The hypothesis that the Fourth Gospel is a theological response to the Gospel of Thomas is a recent development in the study of the New Testament and early Christianity. Assuming an early date for the Gospel of Thomas, the proponents of this hypothesis argue that the supposed "polemical" presentation of Thomas in the Fourth Gospel is evidence of a conflict between the early communities associated respectively with John and Thomas. However, a detailed narrative study reveals that the Fourth Gospel portrays a host of characters--disciples and non-disciples--in an equally unflattering light where an understanding of Jesus's origins, message, and mission are concerned. The present study attempts to demonstrate that the Fourth Gospel's presentation of Thomas is part and parcel of its treatment of "uncomprehending" characters. If this thesis is correct, it poses a significant challenge to the assumption that the Fourth Gospel contains a polemic against Thomas, or that it was written in response to the Gospel of Thomas or the community associated with Thomas.
Endorsements & Reviews-
"Skinner's argument 'that the Fourth Gospel's portrayal of Thomas is part and parcel of its overall treatment of "uncomprehending" characters' is persuasive. This presents a significant challenge to the view that the negative portrayal of Thomas is a clue to John's polemic against the Gospel of Thomas." --Charles H. Talbert Baylor University
"John and Thomas--Gospels in Conflict? is a first rate use of solid narrative study in the service of important historical questions and theories about early Christianity. This combination is rare, but is applied with such skill, that the results are clearly worth the effort. Read and learn more about John, Thomas, and the flaws of some readings of the Gospel of John's role in early Christian disputes." --Darrell L. Bock Research Professor of NT Studies, Dallas Theological Seminary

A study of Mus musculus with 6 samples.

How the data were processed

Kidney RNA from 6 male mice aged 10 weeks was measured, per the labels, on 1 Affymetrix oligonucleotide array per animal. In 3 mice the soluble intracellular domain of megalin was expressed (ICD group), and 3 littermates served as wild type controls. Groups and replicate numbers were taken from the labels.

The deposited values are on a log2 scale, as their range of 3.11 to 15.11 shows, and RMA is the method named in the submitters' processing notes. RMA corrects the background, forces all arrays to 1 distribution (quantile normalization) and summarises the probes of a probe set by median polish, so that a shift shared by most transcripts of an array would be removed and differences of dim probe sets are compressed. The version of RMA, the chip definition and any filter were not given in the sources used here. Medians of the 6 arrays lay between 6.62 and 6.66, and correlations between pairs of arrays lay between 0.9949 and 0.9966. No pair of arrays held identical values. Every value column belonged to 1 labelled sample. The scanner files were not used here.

"Christopher Skinner offers us an engaging perspective on the role of Thomas in the Gospel of John that has clear implications for understanding both the functions of Johannine characterization and John's relationship to the Gospel of Thomas. What a shrewd argument! To my knowledge no other narrative-critical study has settled a historical-critical debate so convincingly." --R. Alan Culpepper McAfee School of Theology Mercer University
Christopher W. Skinner
Christopher W. Skinner holds a PhD from Catholic University of America and is Associate Professor of Religion at the University of Mount Olive in North Carolina. He has published numerous articles and is the author or editor of seven books including John and Thomas: Gospels in Conflict (Pickwick), What Are They Saying About the Gospel of Thomas, Characters and Characterization in the Gospel of John, and Mark as Story: Retrospect and Prospect. He lives in North Carolina with his wife, Tara and their three children.